Golf is known to be a technical sport full of technical terms that you may not know the meaning of. One of those golf terms commonly mentioned on golf courses and TV broadcasts is the word “Shank”.
If you are reading this article, you may wonder: What exactly does a “Shank” mean in golf?
In this article, we will explain to you exactly what a “Shank” is in golf.
What Is A Shank In Golf?
In golf, a shank refers to the act of hitting the golf ball with the base of the hosel, in the corner of the club head. A shank is essentially a missed shot with poor ball-to-clubface contact. A shank is likely to send the golf ball flying sharply towards the golfer’s front side.
In the great game of golf, the term “Shank” is a word that is sometimes mentioned on golf courses, especially if there are many casual or inexperienced golfers in the area.
In golf, a “Shank” is a golf swing that makes bad contact between the golf ball and the golf club’s face. A shank will hit the intersection between the club head face and the base of the hosel rather than the center of the face.
A shank will typically result in the ball’s trajectory going somewhere around 45 degrees away from the golfer who hit the ball. In other words, a shank usually results in a severe “pull” on the golf ball. The angle the ball shoots outwards can be more or less than 45 degrees.
The angle the ball flies outwardly at depends on how much your golf club head is rotated towards the ball upon contact. The more square your club head is to the ball, the smaller the angle of the shank away from the straight ahead direction will be.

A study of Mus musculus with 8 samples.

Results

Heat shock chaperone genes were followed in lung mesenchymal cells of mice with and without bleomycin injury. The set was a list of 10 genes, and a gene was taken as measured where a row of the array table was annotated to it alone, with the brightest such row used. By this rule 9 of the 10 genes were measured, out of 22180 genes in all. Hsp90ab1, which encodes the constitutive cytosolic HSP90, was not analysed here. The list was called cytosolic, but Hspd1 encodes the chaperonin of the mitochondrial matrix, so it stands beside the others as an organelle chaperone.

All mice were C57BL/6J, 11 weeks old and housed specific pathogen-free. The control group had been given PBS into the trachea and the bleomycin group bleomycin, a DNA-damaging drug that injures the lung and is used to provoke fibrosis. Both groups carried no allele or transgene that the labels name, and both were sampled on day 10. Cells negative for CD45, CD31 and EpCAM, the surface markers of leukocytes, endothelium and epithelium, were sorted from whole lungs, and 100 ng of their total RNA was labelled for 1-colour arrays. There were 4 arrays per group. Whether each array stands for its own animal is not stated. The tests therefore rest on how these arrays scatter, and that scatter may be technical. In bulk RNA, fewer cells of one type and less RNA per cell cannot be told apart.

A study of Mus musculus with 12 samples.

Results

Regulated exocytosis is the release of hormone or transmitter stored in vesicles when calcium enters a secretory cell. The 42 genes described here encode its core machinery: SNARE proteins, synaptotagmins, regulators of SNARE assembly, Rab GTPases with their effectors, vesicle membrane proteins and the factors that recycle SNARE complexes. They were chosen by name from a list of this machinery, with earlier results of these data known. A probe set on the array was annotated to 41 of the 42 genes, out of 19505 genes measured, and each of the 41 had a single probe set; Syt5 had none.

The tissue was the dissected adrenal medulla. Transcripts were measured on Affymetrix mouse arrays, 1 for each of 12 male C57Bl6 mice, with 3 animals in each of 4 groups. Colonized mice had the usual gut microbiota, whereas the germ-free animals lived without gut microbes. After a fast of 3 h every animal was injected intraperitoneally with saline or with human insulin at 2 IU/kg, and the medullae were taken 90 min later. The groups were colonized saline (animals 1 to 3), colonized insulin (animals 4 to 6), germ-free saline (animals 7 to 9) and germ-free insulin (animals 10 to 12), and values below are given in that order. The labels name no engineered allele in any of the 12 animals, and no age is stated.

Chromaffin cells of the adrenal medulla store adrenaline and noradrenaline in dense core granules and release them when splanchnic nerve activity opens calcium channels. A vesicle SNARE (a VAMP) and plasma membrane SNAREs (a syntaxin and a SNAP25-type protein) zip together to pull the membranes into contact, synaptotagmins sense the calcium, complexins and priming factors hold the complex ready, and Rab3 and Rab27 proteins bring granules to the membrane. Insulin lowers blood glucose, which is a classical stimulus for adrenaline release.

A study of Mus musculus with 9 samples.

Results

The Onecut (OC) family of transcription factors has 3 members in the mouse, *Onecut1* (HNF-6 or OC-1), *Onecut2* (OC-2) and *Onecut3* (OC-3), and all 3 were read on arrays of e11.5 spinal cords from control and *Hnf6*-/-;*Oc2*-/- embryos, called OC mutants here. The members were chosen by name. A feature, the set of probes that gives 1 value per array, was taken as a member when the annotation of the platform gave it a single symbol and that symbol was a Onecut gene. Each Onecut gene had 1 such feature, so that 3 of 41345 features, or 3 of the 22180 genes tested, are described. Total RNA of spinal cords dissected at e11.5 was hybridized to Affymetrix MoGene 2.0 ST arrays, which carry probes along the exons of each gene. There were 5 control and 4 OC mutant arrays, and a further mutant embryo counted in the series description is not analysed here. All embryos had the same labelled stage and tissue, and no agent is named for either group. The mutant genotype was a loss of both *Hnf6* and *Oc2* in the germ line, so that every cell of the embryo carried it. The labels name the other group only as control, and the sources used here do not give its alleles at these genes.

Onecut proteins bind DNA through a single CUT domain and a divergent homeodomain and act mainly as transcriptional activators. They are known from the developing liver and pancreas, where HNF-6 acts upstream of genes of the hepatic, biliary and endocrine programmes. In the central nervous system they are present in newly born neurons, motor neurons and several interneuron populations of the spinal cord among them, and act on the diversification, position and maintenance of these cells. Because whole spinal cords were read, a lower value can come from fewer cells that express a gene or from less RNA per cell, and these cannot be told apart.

Down below is an image illustrating exactly where the ball hit the golf club if you hit a shank:
As you can see on the image above, you are not going to get an accurate golf shot if you hit the ball with the hosel of your club.
A shank is a really bad shot that you want to avoid at all costs because it will send your ball flying into the rough. This will adversely affect your score, and it will be a pain to leave the rough on your subsequent stroke.
If you are often hitting shanks, practice hitting golf ball by slowing down your swing. This will give you more time and control to line up the golf ball with the sweet spot of your golf club.
The sweet spot of your golf club is the exact center of the face of the club head. Hit the sweet spot, and your golf strokes will go much further, even though you expend the exact same amount of energy. You can also hit the golf ball a lot straighter if you hit the sweet spot.
An interesting note to make is that people commonly mistakenly use the word “shank” for any bad golf shot, but “shank” only refers to shots where the ball hits something else than the club head’s face.
Origin Of The Term “Shank”
Linguistic experts claim that the term “Shank” used to refer to the lower part of the leg. In the butchery lexicon, the term shank is still used to designate animal legs.
Golf clubs share a stunning resemblance between the lower half of a human leg, and their foot. If you point your ankle at just the right ankle, you can see the resemblance in shape between your leg, or shank, and a golf club. The shank refers mostly to the lower leg, without the foot.
When you hit a “shank” in golf, you make contact between the ball and a part of the golf club other than the club face, usually the shaft or hosel. Carrying on with the leg metaphor, when you hit a “shank”, you are hitting the shank (lower leg) of your golf club (leg + foot).
This leg metaphor is where the term “Shank” received its name.
To get better at golf and reduce your likelihood of hitting shanks, you need to get better by reading our guide: How To Improve Your Golf Score? – 9 Pro Tips.
There you go! After reading this article, you have learned exactly what the word “Shank” means in golf.
Do you have any other words you wish to know more about? How often do you “shank” the golf ball? Let us know in the comments down below!